Electors Call for Intelligence Briefing on Russian Hacking Allegations

PHOTO: John Podesta, campaign chairman for Democratic presidential nominee former Secretary of State Hillary Clinton, looks on during a campaign rally at The Great Hall at Heinz Field, Nov. 4, 2016 in Pittsburgh, Pennsylvania. PlayJustin Sullivan/Getty Images

Christine Pelosi, the daughter of House Minority Leader Nancy Pelosi and an elector from California, spearheaded drafting the letter and referred to the request as a "day pass" so that electors could be fully informed before they cast their votes next week.

Nine of the 10 signatories come from states that Hillary Clinton won, though Pelosi said the news media should "stay tuned" for additional backers.

"We further emphasize Alexander Hamilton's assertion in Federalist Paper No. 68 that a core purpose of the Electoral College was to prevent a 'desire in foreign powers to gain an improper ascendant in our councils.' The United States intelligence community has now concluded with 'high confidence' that a foreign power, namely Russia, acted covertly to interfere in the presidential campaign with the intent of promoting Donald Trump's candidacy," the letter states.

"The electors require to know from the intelligence community whether there are ongoing investigations into ties between Donald Trump, his campaign or associates and Russian government interference in the election, the scope of those investigations, how far those investigations may have reached and who was involved in those investigations," it reads.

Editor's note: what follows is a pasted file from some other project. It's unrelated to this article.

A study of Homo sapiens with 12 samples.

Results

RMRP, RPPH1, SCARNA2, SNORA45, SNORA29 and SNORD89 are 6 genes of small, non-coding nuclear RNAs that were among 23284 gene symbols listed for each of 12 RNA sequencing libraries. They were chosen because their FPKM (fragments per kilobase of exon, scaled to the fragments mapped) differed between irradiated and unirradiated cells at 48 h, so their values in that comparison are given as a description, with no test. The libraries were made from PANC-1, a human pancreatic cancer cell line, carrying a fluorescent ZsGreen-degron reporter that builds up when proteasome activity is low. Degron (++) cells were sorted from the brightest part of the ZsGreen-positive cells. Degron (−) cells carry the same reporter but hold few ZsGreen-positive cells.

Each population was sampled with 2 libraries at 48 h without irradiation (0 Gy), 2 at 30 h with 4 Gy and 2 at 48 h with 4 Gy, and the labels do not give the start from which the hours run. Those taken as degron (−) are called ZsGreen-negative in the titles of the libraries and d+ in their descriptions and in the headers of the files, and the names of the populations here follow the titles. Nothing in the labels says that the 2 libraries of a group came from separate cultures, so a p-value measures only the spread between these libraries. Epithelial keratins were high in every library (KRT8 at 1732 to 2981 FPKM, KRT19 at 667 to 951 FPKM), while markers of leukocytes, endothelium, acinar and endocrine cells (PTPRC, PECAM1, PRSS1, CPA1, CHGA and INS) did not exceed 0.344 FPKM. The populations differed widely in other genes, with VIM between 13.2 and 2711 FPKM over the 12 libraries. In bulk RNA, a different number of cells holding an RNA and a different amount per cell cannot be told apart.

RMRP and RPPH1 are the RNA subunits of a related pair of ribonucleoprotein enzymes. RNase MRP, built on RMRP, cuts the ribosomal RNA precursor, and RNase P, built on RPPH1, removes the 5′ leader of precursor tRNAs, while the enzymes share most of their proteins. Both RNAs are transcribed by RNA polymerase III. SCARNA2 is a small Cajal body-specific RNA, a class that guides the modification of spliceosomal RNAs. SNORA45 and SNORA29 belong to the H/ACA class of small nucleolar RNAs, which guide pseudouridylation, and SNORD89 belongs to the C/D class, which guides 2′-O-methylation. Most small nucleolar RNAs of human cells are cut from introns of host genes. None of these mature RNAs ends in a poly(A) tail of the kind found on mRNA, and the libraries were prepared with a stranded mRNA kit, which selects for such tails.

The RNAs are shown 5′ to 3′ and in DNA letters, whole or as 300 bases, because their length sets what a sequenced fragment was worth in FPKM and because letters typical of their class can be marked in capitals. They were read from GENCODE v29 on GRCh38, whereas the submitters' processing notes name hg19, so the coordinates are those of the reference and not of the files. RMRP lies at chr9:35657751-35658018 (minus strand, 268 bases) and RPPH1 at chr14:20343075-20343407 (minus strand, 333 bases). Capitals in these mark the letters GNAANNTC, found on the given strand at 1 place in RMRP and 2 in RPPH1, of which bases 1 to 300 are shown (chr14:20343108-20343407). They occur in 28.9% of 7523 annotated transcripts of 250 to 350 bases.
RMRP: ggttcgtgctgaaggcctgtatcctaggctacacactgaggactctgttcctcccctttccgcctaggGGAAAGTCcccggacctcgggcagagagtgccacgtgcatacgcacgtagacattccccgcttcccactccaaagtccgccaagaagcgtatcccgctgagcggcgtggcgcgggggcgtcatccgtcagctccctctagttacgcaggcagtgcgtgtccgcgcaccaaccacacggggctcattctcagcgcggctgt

Hllary Clinton's campaign chairman, John Podesta, released a statement today saying that the letter "raises very grave issues" about the election.

Christine Pelosi told ABC News that the information would be helpful for members of Congress before Cabinet confirmation hearings.

"Was this all just happenstance, happening around Donald Trump, without any of his agents encouraging it, other than the statements he himself made, or whether there is in fact more information?" she told ABC News.

Podesta stressed that the intelligence community has made it known that it is "confident" that the Russian government played a role in the hacking as early as Oct. 7 but that "this matter did not receive the attention it deserved."

"We now know that the CIA has determined Russia's interference in our elections was for the purpose of electing Donald Trump. This should distress every American," Podesta wrote in the statement obtained by ABC News. "Never before in the history of our republic have we seen such an effort to undermine the bedrock of our democracy."

Electoral College expert George C. Edwards III, a political science professor at Texas A&M University, told ABC News that Podesta's public call for electors to be briefed is "certainly not typical, that's for sure."

"The further action would be for electors to become faithless," Edwards said, meaning that the electors wouldn't vote for the candidate who won their state, as they are bound to do by state laws.

Bev Hollingworth, a retired hotel owner and New Hampshire elector who also signed the letter, said that she believed her role as an elector was "not just a ceremonial thing."

"There is also a constitutional duty that we have to carry out, and that is why I signed onto this letter," she added. "I think this goes beyond politics ... It should put us on guard for future elections."

Hollingworth said she was alarmed by the close ties that Trump's favored pick for secretary of state, Rex Tillerson, appears to have with Russia. She said the connection deserves "serious consideration."

"I am overwhelmed in what has transpired in the last day or so and what I have read about that connection," she said.